According to polls from varied sources, the view of the United States economy rarely rated higher than now. Only during the booming tech stock period from 1998 to the beginning of 2001 have polls shown higher numbers regarding the economy.
But another approval number continues to fall pointing to an unusual disconnect.
While people see the economy as strong, the job approval rating for President Donald Trump continues to stay below 50 percent and even dips below 40 percent. A look at poll numbers since 1985 shows a trend of strong economies yielding strong job approval for the President in office.
Poll results for the economy in relation to approval of the President. (Bloomberg)
At the end of August, 2018, favorable views of the economy sat at 62.4 percent. A September 10, 2018 Quinnipiac poll put the number even higher at 70 percent.
But at the end of August, Trump polled an average of only 41 percent for his job approval rating. The same Quinnipiac poll that showed 70 percent approval for the economy only garnered a 38 percent approval rating for the President.
August 8/31/18 polls for economy versus approval of the President. (Bloomberg)
Trump frequently points to the economy as a measure of his success.
While he inherited a recovering economy from President Barack Obama—coming up in both economic indicators and favorable poll numbers from the depths it had dropped to under President George W. Bush—other Presidents maintained a high favorability rating based on an inherited economy as the graph shows.
Bush inherited a strong economy from President Bill Clinton and despite the controversy of his win in the 2000 election—losing the popular vote but winning the electoral vote—his job approval rating only fell slightly.
Obama inherited one of the poorest rated economies since Clinton took over from President George H. W. Bush. But his falling approval numbers recovered as he turned the economy around.
Trump's disconnect is not completely without precedent however. The scandals that plagued the end of the Clinton administration put the President's job approval below the view of the economy. Clinton left office with a job approval at 63 percent, but 77 percent of voters viewed the economy favorably.
That disconnect contributed to Vice President Al Gore's defeat in the electoral vote against Bush. And that precedent should concern Republicans.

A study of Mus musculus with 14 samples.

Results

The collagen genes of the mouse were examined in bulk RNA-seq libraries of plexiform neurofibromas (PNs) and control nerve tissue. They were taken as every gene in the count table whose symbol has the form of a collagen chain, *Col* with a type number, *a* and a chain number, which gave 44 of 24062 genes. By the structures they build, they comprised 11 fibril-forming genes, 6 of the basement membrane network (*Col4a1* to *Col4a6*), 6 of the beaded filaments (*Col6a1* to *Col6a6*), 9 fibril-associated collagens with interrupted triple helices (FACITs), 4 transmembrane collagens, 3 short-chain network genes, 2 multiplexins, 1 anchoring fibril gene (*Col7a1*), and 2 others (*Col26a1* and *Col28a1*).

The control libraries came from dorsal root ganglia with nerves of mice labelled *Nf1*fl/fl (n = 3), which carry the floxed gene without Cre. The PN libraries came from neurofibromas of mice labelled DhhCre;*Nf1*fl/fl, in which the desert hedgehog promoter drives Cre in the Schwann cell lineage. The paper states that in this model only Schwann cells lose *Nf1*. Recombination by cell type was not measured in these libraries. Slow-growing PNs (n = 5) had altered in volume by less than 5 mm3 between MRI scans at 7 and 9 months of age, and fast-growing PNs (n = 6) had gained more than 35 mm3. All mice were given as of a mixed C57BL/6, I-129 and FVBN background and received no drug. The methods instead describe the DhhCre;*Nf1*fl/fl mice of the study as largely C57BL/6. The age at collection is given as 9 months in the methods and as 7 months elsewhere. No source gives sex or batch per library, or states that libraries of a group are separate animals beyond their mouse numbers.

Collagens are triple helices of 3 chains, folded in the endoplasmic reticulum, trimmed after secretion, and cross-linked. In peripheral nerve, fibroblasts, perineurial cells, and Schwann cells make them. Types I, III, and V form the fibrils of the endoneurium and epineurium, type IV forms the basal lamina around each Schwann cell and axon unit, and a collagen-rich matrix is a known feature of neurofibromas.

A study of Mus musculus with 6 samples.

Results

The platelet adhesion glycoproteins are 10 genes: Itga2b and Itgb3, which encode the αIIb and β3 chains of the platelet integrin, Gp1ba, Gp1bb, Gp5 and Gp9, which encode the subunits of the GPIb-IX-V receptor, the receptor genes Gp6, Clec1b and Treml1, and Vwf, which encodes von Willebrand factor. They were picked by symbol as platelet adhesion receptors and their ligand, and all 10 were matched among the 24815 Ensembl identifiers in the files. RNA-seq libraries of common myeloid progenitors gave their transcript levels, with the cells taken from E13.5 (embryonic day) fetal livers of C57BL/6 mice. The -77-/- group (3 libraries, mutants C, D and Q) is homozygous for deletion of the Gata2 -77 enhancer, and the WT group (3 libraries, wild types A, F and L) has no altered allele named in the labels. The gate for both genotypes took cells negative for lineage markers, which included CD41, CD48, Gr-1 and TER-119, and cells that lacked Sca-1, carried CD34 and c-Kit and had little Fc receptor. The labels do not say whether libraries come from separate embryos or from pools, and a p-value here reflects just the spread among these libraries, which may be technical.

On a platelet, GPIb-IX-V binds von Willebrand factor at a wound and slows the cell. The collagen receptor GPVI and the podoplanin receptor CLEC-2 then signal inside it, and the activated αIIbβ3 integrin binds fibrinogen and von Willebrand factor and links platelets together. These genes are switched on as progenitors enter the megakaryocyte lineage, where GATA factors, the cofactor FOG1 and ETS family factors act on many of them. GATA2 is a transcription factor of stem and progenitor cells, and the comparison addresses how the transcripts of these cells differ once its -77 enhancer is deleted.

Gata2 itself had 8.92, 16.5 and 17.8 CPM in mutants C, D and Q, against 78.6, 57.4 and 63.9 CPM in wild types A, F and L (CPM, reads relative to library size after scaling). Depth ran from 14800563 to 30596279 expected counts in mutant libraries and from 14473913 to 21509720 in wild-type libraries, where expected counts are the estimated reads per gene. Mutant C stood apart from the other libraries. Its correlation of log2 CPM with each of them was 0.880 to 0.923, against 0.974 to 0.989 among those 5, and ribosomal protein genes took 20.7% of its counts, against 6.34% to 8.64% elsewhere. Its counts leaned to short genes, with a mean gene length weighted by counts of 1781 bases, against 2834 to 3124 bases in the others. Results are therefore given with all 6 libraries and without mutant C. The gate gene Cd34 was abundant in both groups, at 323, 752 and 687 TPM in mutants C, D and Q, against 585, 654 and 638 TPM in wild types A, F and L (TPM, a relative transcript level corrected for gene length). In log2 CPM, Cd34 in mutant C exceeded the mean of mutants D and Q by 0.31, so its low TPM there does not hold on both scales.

Heading into the midterm elections in November, the head of their party sits not at 63 percent with a 77 percent favored economy—a 14 percentage point discrepancy. Trump sits at 38 percent job approval with a 70 percent approval of the economy—a 32 percentage point discrepancy.
Republican candidates need to decide whether to embrace Trump or distance themselves. But if they distance themselves from the man, how do they embrace the economy?
Karlyn Bowman, a polling expert at Washington's conservative American Enterprise Institute, stated:
"There’s a huge disconnect. The economy doesn’t seem to be dominating in a way that it often does in elections."
Trump's appointed Director of the Office of Management and Budget, Mick Mulvaney, advised focusing on the economy and not on Trump in a meeting with Republican backers.
But why the big disconnect? What is different this time?
President Trump tends toward polarization. His speech patterns also deals in absolutes. Superlatives like "best" and "biggest" dominate his tweets and rallies.
Perhaps more than prior Presidents, Trump falls into a definite love him or hate him relationship with voters. When asked if they strongly or somewhat approve or strongly or somewhat disapprove of Trump, poll respondents more often choose strongly over somewhat.
The President's strong supporters believe he can do no wrong regardless of scandals or allegations of impropriety and ongoing investigations. But his detractors are equally unlikely to view anything Trump does as right.
So when Trump tweets about the economy, those who fall on the job disapproval side remain unswayed. The President's Twitter posts about his great economic numbers get met with one name over and over: Obama.
And the detractors come with economic figures and statistics to back their view as well as point out areas of the economy where things continue to falter, like individual wages. Trump's tweets fail to sway voters and may actually hurt more than help.
Midterm elections are set for Tuesday, November 6, 2018. Time for Republicans to turn opinion of the President around dwindles daily.